Spotlight on pre-eclampsia and Vitamin D | Action Medical Research

Spotlight on pre-eclampsia and Vitamin D


Professor Mark Kilby recently explained to journalist Alan Shaw how his work investigating possible links between vitamin D deficiency and pre-eclampsia could help babies at risk of being born too small and too soon. The Weekly News has kindly allowed us to reproduce the interview on our blog.

                           

Vitamin D is important for bone growth — if you’re deficient, you can get rickets as a child and thin bones as an adult. “But it’s telling that woman with the lowest vitamin D levels tend to have the highest rates of pre-eclampsia.

It affects around 5% of all pregnant women and worldwide kills probably the number of people flying on a Jumbo Jet every day. In this country, there are fewer maternal deaths, but it’s responsible for prematurity and babies being born too small and too soon. If severe, it can cause fits, convulsions and strokes in the mother, it can cause liver and kidney failure and it can cause the blood not to clot properly.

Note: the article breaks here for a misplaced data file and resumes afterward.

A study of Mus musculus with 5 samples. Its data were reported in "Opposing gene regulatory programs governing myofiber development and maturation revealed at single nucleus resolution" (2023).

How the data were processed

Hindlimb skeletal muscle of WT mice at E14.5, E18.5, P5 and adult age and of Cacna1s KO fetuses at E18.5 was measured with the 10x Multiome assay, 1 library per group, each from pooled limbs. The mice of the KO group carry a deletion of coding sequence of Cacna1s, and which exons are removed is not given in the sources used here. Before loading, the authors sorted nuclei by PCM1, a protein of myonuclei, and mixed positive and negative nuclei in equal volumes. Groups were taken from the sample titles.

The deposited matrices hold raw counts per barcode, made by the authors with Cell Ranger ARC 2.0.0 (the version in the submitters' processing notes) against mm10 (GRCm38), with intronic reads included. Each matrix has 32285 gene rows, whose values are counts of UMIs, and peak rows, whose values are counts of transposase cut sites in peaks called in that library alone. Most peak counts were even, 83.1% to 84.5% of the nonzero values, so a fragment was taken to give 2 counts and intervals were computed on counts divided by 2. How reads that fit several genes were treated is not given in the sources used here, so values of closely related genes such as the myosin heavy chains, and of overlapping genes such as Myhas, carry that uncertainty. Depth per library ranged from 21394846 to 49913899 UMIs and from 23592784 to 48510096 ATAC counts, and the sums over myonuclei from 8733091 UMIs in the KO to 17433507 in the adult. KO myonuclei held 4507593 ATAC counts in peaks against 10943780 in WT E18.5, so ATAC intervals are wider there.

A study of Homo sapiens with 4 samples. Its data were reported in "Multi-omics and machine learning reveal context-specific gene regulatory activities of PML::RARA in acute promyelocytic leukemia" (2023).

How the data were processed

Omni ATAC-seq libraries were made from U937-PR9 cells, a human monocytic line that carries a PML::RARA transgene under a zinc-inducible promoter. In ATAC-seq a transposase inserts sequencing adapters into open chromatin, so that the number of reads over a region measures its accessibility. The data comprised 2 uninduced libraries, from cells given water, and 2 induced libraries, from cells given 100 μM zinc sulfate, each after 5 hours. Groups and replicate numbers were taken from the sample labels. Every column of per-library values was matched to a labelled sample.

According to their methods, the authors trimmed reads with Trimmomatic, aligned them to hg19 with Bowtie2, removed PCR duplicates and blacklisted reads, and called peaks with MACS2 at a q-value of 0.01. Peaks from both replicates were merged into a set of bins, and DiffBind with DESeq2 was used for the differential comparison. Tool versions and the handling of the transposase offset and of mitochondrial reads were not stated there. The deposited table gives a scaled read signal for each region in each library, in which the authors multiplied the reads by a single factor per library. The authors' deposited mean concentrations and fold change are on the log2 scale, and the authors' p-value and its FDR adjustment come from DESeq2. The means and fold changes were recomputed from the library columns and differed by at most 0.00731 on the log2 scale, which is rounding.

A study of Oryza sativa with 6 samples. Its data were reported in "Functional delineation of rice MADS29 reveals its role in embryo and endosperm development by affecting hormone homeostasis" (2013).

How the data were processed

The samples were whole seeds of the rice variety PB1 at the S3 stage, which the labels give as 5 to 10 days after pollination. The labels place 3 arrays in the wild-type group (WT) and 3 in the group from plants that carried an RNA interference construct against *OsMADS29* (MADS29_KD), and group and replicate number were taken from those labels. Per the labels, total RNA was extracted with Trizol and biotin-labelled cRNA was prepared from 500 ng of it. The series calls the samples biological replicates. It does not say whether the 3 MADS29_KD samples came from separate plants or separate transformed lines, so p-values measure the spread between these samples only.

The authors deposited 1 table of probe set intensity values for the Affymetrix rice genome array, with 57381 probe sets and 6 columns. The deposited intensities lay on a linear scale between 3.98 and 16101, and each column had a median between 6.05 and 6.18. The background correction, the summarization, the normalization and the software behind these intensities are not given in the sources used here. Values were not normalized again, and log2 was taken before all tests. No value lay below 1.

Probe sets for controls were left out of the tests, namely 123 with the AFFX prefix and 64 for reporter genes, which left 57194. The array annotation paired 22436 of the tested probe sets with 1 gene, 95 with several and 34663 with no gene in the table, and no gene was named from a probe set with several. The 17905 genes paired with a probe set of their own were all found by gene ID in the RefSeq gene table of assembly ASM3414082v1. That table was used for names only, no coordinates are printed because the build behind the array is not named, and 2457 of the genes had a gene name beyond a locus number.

It can also affect the way the placenta works, so the babies are often very small.

We’ve shown that what pre-disposes women to this problem is that at the beginning of pregnancy, what happens normally is the placenta implants onto the lining of the womb. “Cells then grow into that lining making the blood vessels low-pressure rather than high-pressure.

If this doesn’t happen, women are at very high risk of getting pre-eclampsia, but in a test tube we can get those cells to invade more if there are higher levels of vitamin D. It’s recommended pregnant women take small amounts of vitamin D, but the natural next step for us is to find out if a higher dose is needed.

Mark Kilby, who is Professor of Foetal Medicine at the University of Birmingham and Lead for Birmingham Centre for Women’s and Newborn’s Health, says it is estimated that up to 20% of babies in special care units in the UK were born to mothers who suffered from this condition. You can find out more about his research, funded by Action, here.

Emily was born six weeks early after her mum Tracy developed pre-eclampsia and you can read her story here.